The impacts of climate change on enjoyment of the right to health

The findings of the Fifth Assessment Report of the Intergovernmental Panel on Climate Change (IPCC) indisputably confirm that climate change is occurring and that human-produced greenhouse gas emissions are a primary cause. They also demonstrate that the impacts of climate change pose a clear threat to the full and effective enjoyment of human rights, including the right to health.

In Article 4(f), the UN Framework Convention on Climate Change  commits to adaptation and mitigation considerations and actions “with a view to minimizing adverse effects [of climate change] … on public health and on the quality of the environment”. Expanding on this, the Preamble to the Paris Agreement states that “parties should, when taking action to address climate change, respect, promote and consider their respective obligations on human rights, the right to health, the rights of indigenous peoples, local communities, migrants, children, persons with disabilities and people in vulnerable situations and the right to development, as well as gender equality, empowerment of women and intergenerational equity”. Inclusion of this language in the Paris Agreement reflects growing recognition of the connections between climate change and the enjoyment of human rights, including specifically the human right to health.

Climate change impacts health in a number of ways: directly, through extreme weather or changes in temperature; and indirectly through changes to natural systems that result in inter alia crop failures, expanding disease vectors, and displacement of persons. These mechanisms contribute to human vulnerability to disease and injury, diminished occupational and mental health, and risks posed by resource scarcity and migration.

According to the Fifth Assessment Report of the IPCC, climate change will result in greater risk of injury, disease, and death due to increased heat and fire; higher risk of under-nutrition due to decreased food availability and accessibility; lowered work capacity and productivity; and greater risk of food-, water- and vector-borne diseases. Globally, 400,000 premature deaths have been linked to climate change (DARA, 2012 ) and approximately 250,000 additional deaths due to effects of climate change are expected per year between 2030 and 2050 (WHO, 2014).  Furthermore, unmitigated climate change could undermine global development by “reducing average global incomes roughly 23 per cent by 2100 and widening global income inequality, relative to scenarios without climate change” (Burke et al, 2015). These effects of climate change are felt most acutely by persons, groups and peoples in vulnerable situations owing to factors such as geography, poverty, gender, age, indigenous and minority status and disability.

In this context, engaging with and addressing climate change-related impacts on health is vital. Approaches based on human rights obligations, standards and principles are critical to understand and address the threat that climate change poses to human health and well-being.  

Analytical Study on the Impacts of Climate Change on the Right to Health

Pursuant to resolution 29/15, OHCHR organized a panel discussion on the impacts of climate change on the right to health during the 31st Session of the Human Rights Council. The panel discussion was moderated by H.E. Mr. Trung Thanh Nguyen, Permanent Representative of the Socialist Republic of Viet Nam to the United Nations Office and other international organizations in Geneva. The concept note for the discussion and statements of the participants are available below as well as a summary report of the discussion.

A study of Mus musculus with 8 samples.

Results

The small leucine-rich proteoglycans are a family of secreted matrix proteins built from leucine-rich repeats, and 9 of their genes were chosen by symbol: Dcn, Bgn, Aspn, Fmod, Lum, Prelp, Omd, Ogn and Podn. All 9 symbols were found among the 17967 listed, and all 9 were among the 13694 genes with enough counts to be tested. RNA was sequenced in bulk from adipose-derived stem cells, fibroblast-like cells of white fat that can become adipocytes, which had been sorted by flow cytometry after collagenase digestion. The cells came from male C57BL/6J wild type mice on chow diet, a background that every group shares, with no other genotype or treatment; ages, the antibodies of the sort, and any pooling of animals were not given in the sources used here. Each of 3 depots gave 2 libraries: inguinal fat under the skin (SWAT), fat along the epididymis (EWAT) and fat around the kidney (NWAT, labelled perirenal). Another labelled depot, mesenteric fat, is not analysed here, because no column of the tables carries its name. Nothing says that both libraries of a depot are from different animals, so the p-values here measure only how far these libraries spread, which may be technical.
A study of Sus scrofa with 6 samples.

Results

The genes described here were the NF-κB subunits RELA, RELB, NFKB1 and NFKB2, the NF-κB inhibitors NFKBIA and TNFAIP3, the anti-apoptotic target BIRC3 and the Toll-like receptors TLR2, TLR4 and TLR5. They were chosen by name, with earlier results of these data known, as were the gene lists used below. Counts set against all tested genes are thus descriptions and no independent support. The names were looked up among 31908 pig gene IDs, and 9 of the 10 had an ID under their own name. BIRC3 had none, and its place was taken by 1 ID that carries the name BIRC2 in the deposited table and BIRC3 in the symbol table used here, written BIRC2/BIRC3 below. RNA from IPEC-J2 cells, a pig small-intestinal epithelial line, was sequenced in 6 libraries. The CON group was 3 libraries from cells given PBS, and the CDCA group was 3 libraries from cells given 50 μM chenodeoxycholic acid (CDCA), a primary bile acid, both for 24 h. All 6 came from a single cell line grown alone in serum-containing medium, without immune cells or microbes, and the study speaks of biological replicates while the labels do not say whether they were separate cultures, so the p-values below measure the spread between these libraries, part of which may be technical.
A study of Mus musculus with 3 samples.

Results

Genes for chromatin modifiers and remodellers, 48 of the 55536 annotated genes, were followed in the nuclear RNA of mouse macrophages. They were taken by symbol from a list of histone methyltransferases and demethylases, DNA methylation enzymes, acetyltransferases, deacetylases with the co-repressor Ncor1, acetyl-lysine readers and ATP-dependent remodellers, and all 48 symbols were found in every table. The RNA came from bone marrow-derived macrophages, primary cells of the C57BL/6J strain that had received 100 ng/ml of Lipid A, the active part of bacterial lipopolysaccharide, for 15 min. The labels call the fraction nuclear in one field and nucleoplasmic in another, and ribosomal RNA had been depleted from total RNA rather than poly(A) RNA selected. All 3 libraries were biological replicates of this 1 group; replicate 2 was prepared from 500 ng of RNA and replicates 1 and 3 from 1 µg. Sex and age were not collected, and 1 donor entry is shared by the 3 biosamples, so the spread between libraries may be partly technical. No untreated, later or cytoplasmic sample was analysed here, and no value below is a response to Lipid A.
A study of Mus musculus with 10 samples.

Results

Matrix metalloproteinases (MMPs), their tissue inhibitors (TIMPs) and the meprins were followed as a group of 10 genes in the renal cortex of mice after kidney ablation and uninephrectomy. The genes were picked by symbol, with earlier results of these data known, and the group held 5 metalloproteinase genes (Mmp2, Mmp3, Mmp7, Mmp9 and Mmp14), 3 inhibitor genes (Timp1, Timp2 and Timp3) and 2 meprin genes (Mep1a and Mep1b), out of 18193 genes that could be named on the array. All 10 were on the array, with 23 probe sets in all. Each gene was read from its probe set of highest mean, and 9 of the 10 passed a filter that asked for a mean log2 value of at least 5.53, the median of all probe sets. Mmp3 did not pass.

In preparing the study, OHCHR requested inputs from relevant stakeholders and asked that they respond, as appropriate, to a short questionnaire on climate and health by 31 October 2015. Inputs received as of 25 February have been summarised in a conference room paper in order to inform the Human Rights Council panel discussion on climate change and the right to health taking place on 3 March 2016.

Based on the panel discussion and inputs received, OHCHR submitted its analytical study on the impacts of climate change on the right to health to the 32d Session of the Human Rights Council:

Human Rights Council Panel Discussion on the Impacts of Climate Change on the Right to Health

Pursuant to resolution 29/15, OHCHR organized a panel discussion on the impacts of climate change on the right to health during the 31st Session of the Human Rights Council. The panel discussion was moderated by H.E. Mr. Trung Thanh Nguyen, Permanent Representative of the Socialist Republic of Viet Nam to the United Nations Office and other international organizations in Geneva. The concept note for the discussion and statements of the participants are available below:

Statements by panellists

The right to health at the UNFCCC

OHCHR response to UNFCCC Secretariat request for submissions on the Nairobi Work Programme on impacts, vulnerability and adaptation to climate change: health impacts, including occupational health, safety and social protection, FCCC/SBSTA/2016/2, para 15(a) (i), August 29, 2016.

This submission highlights the normative basis and recommendations for protecting the right to health from the negative impacts of climate change in the context of the Nairobi Work Programme.